This Unholy Mess


What could be less sexy than a discussion of K through 12 public education? Paper plates? Roadkill? Elton John?
And that’s just the point. Public schools get little respect because there is always something more exciting to talk about, especially if the nation’s president is a jabbering, demented loose cannon. But public schooling is now elbowing its way into the news cycle in a big way.
In the last few weeks, to the surprise and chagrin of legislators in various cheapskate—not to say corrupt– states around the country, public school teachers have come alive. They are in the streets, demanding not just higher pay for themselves, but decent levels of per-student funding as well. Gone are the days when teachers could be expected to be obedient little drones, keeping their heads down, staggering along under the burden of not just teaching unmanageably large classes, but reviewing homework, supervising extra-curricular activities, and whatever else administrators could pile on. They are now noisy, defiant, and determined. They have found the word that describes the situation created for them by politicians: Disgraceful.
Social media outlets have made it easy to punch through all the static, the harrumphing, the excuses legislators usually offer as a smokescreen in situations like this. On any number of platforms, you can find the most shocking videos of school neglect: coverless, shredded 1988 textbooks by the shelf-load; broken desks and chairs sitting in classrooms with moldy ceilings and floors; Black Hole of Calcutta restrooms whose stench is luckily left to your imagination. These are the places that our leaders have provided for the education of our young people. It’s hardly credible.
I only wish this were a case of states failing marginally to increase school funding to keep up with inflation and cost increases, but it’s far worse than that. In fact, since the 2008 financial crisis many states have taken a meat ax to their education budgets.
Which states are the worst offenders? Glad you asked, because if we begin naming names, a clear pattern emerges. Here’s a hint: eleven of the twelve with the deepest cuts are—how should we put this?—as red as the jowls of an embarrassed politician. Starting with the champion, Oklahoma (a 28.2% cut), the rogues gallery includes such stalwart champions of family values and protection of children as Texas, Kentucky, Alabama, Arizona, West Virginia, and Mississippi. The only blue state among them is Michigan, in the 10th worst slot, with cuts of 9.2%.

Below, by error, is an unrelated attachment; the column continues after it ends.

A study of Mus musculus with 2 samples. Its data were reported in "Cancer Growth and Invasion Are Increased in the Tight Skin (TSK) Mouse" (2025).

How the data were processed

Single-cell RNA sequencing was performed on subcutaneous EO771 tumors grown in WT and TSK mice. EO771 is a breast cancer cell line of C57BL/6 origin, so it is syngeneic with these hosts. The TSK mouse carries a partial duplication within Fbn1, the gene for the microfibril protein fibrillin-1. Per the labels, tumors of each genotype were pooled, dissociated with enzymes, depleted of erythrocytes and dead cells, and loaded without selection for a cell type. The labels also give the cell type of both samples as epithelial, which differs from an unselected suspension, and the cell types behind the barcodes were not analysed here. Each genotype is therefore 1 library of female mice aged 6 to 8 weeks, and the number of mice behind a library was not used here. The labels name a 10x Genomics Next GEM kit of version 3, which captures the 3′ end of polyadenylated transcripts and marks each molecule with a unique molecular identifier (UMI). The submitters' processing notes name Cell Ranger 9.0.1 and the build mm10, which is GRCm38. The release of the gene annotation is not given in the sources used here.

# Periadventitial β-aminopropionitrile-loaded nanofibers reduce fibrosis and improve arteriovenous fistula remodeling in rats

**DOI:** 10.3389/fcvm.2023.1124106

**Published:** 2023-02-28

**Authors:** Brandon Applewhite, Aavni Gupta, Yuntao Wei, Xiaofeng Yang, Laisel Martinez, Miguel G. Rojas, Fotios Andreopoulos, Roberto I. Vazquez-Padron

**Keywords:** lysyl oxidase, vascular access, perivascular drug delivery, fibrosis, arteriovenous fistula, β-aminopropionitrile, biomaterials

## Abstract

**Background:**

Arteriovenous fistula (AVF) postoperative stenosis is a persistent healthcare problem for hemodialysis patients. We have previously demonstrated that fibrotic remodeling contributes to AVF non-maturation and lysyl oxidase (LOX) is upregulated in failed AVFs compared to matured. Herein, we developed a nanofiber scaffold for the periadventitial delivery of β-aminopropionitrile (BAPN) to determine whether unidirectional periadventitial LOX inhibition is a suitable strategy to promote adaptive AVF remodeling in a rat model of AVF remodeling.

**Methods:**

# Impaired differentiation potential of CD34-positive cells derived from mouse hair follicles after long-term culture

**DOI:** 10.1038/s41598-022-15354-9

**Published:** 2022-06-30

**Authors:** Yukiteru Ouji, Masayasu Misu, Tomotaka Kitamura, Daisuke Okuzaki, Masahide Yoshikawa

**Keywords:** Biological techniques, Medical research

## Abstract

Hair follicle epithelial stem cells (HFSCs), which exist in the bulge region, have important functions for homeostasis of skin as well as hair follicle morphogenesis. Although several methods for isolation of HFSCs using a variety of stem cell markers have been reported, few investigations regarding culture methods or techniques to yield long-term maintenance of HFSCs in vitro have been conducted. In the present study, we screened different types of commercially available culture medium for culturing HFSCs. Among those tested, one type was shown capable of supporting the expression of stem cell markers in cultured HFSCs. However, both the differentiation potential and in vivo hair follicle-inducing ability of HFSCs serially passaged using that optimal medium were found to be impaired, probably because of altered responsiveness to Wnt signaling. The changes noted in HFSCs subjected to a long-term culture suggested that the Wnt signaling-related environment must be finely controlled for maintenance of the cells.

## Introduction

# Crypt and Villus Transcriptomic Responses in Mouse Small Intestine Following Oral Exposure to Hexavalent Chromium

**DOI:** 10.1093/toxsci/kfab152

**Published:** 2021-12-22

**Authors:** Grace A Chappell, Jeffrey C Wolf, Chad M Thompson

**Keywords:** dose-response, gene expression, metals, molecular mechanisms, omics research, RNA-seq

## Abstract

Since the 2008 financial meltdown, states, like individuals, have been strapped. Understood. So if we are looking for a fig leaf, some way for states to mitigate their shame about leaving public schools in near-ruin, we might use the Great Recession (which should be called a Depression) as an excuse. But it’s hard to make the Meltdown into a decent scapegoat when you consider that seven of those twelve worst culprits in cutting school funding also cut income and corporate taxes during that same period, 2008 to the present. So rather than at least maintaining these revenue streams at status quo, helping to carry the load, legislators thought it would be appropriate to give breaks to individual taxpayers and to long-suffering corporations, whose execs certainly must have been living with tattered cuffs on their Italian suits. This, to make absolutely sure that schools would be starved.
The Perp Walk in Print looks like this: Oklahoma, Arizona, Mississippi, Kansas, North Carolina, Idaho, and yes, Michigan.
Another Fun Fact to keep in mind is that the federal government has done no better than the states. Though federal aid averaged around 12% of total state K-12 school budgets in 2008, that percentage has drifted down to about 8%. Even most recently, when the Pentagon has seen lavish hikes in its budget, providing for programs it had not even asked for, schools have gone begging.
None of this is a crime, of course. It’s worse than a crime. Crime is a transgression against laws that society puts in place, laws that recognize and enforce common values among its citizens. If people were robbing schools in this way and were then prosecuted, that would be a recognizable world. As it is, robbing our schools IS the law, put into effect by our “representatives”: an embarrassing revelation of values lost, a statement of our moral vacuity.